General Business

Handling Vacation & Paid Time Off

Ask the Experts

In the latest installment of New Jersey Business Magazine’s Ask the Experts column, an HR professional working with the New Jersey Business & Industry Association responds to a business owner’s inquiries:

Q: Can we deny vacation requests?

In general, yes. However, you should have – and document – a legitimate business reason for doing so. Denying vacation requests will undoubtedly hurt morale, especially if it happens frequently, and low morale leads to higher rates of turnover.

Discrimination claims are also a risk. Although denying vacation requests for legitimate business reasons will reduce the chance of a discrimination claim, you’ll also want to make sure you’re not denying vacation in a way – even unintentionally – that disproportionately affects employees with the same protected characteristic. For example, if you deny vacation requests from employees in the customer service department – which happens to be mostly women – more than other requests, they might have a gender discrimination claim. We also hear from employers who want to deny vacation requests when the employee is asking for time off for medical procedures or recovery; this clearly raises disability discrimination issues.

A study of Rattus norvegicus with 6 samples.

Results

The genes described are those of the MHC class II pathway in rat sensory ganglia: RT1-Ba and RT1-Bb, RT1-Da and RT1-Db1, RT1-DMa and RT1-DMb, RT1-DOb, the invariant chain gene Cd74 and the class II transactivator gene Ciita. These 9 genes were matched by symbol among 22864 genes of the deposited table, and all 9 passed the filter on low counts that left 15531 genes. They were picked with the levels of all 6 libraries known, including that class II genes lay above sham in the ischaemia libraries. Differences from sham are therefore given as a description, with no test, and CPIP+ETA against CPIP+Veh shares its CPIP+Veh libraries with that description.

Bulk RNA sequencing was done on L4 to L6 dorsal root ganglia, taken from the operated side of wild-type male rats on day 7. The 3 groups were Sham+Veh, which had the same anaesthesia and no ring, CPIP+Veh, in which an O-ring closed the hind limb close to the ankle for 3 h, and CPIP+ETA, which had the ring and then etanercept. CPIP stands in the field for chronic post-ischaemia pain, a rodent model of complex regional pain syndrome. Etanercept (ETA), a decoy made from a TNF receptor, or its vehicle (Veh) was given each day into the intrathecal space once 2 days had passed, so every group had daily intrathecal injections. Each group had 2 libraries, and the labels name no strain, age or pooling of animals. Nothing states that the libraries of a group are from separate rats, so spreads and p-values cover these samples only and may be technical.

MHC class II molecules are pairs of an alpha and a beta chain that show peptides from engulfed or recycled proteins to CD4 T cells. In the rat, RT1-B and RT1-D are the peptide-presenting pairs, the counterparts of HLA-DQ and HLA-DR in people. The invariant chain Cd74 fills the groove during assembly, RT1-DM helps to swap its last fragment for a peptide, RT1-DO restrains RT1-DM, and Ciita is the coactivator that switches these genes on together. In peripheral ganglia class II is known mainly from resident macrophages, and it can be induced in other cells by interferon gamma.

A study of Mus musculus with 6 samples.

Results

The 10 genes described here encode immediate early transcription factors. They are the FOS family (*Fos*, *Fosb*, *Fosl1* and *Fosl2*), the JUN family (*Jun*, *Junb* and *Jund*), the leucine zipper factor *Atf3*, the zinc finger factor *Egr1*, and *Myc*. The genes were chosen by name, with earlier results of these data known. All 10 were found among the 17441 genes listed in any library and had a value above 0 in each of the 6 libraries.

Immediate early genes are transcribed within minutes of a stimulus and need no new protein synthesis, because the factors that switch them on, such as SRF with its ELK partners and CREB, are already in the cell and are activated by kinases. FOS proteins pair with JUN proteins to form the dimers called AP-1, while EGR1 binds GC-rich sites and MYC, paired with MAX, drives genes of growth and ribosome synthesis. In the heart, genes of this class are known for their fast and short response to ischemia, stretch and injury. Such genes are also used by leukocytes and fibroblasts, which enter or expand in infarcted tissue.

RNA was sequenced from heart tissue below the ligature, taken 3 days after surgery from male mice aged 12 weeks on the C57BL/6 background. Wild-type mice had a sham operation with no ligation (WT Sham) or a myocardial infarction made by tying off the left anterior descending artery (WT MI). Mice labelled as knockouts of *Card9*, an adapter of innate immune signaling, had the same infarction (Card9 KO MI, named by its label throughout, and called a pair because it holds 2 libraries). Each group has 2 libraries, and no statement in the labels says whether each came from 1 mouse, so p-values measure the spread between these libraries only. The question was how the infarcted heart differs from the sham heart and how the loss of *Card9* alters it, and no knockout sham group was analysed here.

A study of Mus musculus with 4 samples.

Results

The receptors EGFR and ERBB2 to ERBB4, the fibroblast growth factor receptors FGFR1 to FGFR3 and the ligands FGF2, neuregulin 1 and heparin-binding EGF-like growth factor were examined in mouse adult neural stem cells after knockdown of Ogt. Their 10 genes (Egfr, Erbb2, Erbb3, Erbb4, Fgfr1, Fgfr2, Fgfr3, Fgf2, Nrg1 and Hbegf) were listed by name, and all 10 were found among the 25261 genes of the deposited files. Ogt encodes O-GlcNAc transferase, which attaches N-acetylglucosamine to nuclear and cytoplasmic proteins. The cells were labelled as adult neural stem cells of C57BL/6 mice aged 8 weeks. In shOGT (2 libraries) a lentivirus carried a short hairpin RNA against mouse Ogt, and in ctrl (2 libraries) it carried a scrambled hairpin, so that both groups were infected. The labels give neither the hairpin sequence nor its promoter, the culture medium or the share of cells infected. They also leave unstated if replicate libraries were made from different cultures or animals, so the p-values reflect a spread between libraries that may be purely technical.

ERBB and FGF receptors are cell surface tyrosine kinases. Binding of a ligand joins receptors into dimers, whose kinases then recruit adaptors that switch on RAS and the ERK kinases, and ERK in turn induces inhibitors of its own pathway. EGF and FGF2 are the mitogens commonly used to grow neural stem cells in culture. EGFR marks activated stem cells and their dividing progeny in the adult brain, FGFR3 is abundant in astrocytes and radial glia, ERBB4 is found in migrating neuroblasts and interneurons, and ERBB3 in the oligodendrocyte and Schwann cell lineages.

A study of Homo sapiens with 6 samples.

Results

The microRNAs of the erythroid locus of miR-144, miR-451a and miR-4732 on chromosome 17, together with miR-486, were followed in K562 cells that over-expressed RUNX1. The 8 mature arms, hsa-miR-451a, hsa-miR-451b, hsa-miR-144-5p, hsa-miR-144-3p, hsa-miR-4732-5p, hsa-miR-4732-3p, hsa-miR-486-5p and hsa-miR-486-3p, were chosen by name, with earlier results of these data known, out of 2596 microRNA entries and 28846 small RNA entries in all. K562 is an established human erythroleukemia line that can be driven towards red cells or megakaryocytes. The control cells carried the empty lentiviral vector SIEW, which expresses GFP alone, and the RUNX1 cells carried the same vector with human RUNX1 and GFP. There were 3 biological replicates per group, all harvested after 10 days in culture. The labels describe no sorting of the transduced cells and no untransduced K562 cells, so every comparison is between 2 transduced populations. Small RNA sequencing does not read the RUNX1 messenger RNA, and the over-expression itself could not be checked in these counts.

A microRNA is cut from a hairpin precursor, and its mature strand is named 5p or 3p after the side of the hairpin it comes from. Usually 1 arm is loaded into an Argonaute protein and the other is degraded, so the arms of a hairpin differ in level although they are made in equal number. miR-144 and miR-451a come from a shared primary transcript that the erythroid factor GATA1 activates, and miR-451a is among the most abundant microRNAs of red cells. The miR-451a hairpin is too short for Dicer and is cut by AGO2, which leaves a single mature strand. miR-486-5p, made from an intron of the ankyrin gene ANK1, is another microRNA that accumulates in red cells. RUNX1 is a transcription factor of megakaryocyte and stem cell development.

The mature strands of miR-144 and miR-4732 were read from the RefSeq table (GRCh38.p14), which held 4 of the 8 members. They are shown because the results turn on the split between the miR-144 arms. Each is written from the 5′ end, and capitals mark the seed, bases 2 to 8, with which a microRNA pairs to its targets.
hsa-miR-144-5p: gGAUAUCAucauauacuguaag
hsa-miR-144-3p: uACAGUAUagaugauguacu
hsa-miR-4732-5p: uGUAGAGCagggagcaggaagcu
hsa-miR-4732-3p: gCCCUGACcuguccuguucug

The best approach to avoid these types of discrimination claims is to periodically crunch the numbers to see if employees who share a protected characteristic are significantly more likely to have their request denied than others and, if so, adjust your practices accordingly.

When you must deny a request, do so carefully. It’s important to show empathy in these situations. You never know what someone has going on in their life. State the business reason you couldn’t approve the request and work with them to find an alternative time they can take off.

If you find you are regularly denying requests when employees have a vacation planned, we recommend reaching out to an employment law attorney for additional guidance.

Q: Can we give employees different amounts of vacation or PTO time?

If the differing amounts of vacation or PTO are based on a clearly-defined employee groupings, such as seniority, department or exempt versus non-exempt status, then yes. It’s a common practice, for example, for employers to offer more vacation time to employees who have been with the organization for longer.

Where you can run into trouble is offering different amounts of vacation on an individual basis or without clearly-defined criteria, either of which can lead to discrimination claims. For instance, if Rafik and Anita are hired at the same time for similar jobs in the accounting department at the same rate of pay, but the organization offers Rafik more vacation, Anita could potentially bring a claim under federal or state discrimination or pay equity laws.

Q: Can an employer legally make their employees use their accumulated vacation hours?

Yes. An employer can tell an employee that they need to take time off. However, that rarely bodes well for the morale of the employee if they don’t want to take the time off.

Some employers have a “use-it-or-lose-it” policy where any remaining vacation time is lost if unused by a certain date. However, these kinds of policies are not legal in all states. If your state doesn’t allow use-it-or-lose-it, or the employee isn’t willing or able to take off as much time as you would like, you could instead pay them for the hours they’re unable to use.